Every year, the Department awards a prize of £200 to the most outstanding IIB dissertation. The prize is named in memory of Dr Sue Benson (1948-2005), an anthropologist who lectured, supervised and directed studies in Cambridge for 26 years and who was an inspiration, both personally and intellectually for generations of students.

We are pleased to announce the winner for this year’s Sue Benson prize for the best Undergraduate dissertation.  The 2020 Sue Benson Prize Winner – Jacob Seagrave, for his dissertation, entitled, "Protest in the face of catastrophe: Extinction Rebellion and the politics of grief”.

Speaking about his dissertation, "I began my fieldwork preoccupied with how Extinction Rebellion (XR) activists might subjectively and politically sustain and mobilise themselves against a catastrophe seemingly so inevitable and inescapable. I found that within the movement beyond their eccentric public image, XR activists perceive ecological grief as a way to combat hopelessness and stimulate action in the world. The work of mourning informed by New Age theory is central to the movement; activists first mourn the loss of nature and then seek to cultivate an existential intimacy with the threat of the future. Activists then take this grief and perform it in their protests as an emotional force which authenticates the truth of climate breakdown. The simple reiteration of this truth confirms XR activists as doomsayers who proclaim the truth of the catastrophic future so as to stir action to avoid the worst of it. I found that their focus on the truth is articulated through a specifically humanistic and emotive anti-politics which seeks the transcendence of politics-as-usual.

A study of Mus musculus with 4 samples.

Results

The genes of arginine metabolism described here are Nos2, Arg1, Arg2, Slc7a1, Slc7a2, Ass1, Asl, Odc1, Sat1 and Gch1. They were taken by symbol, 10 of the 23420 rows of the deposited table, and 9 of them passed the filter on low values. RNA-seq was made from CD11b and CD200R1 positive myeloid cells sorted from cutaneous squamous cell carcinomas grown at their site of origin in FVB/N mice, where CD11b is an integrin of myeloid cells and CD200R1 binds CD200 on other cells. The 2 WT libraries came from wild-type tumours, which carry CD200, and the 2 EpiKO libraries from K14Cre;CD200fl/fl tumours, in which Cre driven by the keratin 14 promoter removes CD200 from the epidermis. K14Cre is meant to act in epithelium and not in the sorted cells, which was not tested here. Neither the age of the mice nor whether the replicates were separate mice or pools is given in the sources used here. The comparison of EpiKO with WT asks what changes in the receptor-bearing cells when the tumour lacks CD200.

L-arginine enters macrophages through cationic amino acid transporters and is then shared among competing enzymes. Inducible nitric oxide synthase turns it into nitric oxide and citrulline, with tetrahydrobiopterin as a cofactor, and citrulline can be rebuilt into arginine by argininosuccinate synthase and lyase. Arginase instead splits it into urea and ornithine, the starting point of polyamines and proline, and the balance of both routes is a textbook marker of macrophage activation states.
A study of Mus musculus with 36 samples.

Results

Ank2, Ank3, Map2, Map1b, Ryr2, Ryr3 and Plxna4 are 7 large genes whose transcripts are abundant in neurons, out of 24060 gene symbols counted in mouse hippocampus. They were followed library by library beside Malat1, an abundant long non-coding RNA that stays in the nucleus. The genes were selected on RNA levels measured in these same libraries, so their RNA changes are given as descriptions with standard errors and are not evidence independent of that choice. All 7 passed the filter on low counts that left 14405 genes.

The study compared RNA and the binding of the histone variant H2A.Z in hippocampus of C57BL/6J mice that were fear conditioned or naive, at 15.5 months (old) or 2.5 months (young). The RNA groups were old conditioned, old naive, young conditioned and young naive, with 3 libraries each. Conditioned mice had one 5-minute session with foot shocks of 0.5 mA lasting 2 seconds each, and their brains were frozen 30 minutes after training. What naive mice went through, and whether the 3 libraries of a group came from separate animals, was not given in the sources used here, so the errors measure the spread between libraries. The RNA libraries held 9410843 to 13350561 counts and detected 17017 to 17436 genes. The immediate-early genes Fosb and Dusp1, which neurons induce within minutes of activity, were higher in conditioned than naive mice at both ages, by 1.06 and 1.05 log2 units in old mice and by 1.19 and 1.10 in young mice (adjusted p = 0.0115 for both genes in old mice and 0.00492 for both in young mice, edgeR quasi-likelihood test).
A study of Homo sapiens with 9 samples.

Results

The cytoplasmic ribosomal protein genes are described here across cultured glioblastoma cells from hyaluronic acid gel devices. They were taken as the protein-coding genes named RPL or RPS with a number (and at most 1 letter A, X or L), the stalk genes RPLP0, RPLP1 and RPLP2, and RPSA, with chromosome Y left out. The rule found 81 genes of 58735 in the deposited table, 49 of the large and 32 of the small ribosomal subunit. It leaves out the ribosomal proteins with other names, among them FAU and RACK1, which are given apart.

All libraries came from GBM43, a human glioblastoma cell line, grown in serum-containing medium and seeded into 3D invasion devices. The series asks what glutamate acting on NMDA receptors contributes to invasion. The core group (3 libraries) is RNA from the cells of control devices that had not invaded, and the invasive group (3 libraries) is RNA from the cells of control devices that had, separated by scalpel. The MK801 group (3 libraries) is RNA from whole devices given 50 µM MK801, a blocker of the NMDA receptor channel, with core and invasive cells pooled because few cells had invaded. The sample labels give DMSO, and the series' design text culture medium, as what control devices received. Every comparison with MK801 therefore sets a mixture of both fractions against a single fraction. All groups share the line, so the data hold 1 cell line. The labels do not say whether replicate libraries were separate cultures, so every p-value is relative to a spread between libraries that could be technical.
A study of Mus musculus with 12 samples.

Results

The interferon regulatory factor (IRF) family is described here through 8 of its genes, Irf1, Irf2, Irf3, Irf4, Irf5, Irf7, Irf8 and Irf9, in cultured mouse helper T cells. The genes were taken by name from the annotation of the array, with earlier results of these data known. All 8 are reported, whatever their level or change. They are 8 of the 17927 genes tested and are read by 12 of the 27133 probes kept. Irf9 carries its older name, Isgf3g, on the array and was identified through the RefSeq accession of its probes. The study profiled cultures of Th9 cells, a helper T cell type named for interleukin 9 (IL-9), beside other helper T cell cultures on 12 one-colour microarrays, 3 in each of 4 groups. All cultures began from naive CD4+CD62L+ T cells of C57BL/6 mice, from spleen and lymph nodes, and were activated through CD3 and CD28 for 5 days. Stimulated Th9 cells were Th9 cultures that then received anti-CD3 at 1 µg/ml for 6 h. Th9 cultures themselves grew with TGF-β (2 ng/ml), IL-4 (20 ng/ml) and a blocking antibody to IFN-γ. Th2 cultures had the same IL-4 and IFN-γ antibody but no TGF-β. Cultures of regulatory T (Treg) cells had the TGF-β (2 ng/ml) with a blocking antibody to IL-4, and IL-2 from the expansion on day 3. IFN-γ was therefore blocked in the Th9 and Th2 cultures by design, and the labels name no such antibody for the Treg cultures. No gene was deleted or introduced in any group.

I hope my dissertation is able to speak to the current moment we are living through, in the midst of a viral pandemic and in the shadow of climate catastrophe, both caused by the systematic destruction and exploitation of the natural environment. Extinction Rebellion’s model of protest and transformation is one response to the problems posed by the future. I hope most of all that my exploration of their project can prompt a critical questioning about how we collectively respond both subjectively and politically to the catastrophic horizon.

I am very grateful to have been awarded the Sue Benson Prize. I would firstly like to thank all the Extinction Rebellion activists I met and spoke to for their warmth in welcoming me into the movement, their openness in sharing their ideas and activism, and their enthusiasm about my fieldwork. I would also like to thank my supervisor Dr Rupert Stasch for all his consistent guidance and support both throughout my undergraduate degree and dissertation process, especially in always illuminating the deeper structural complexities at play. Finally, I would like to thank Anne Monk for her incisive critique of my dissertation as it developed from start to finish.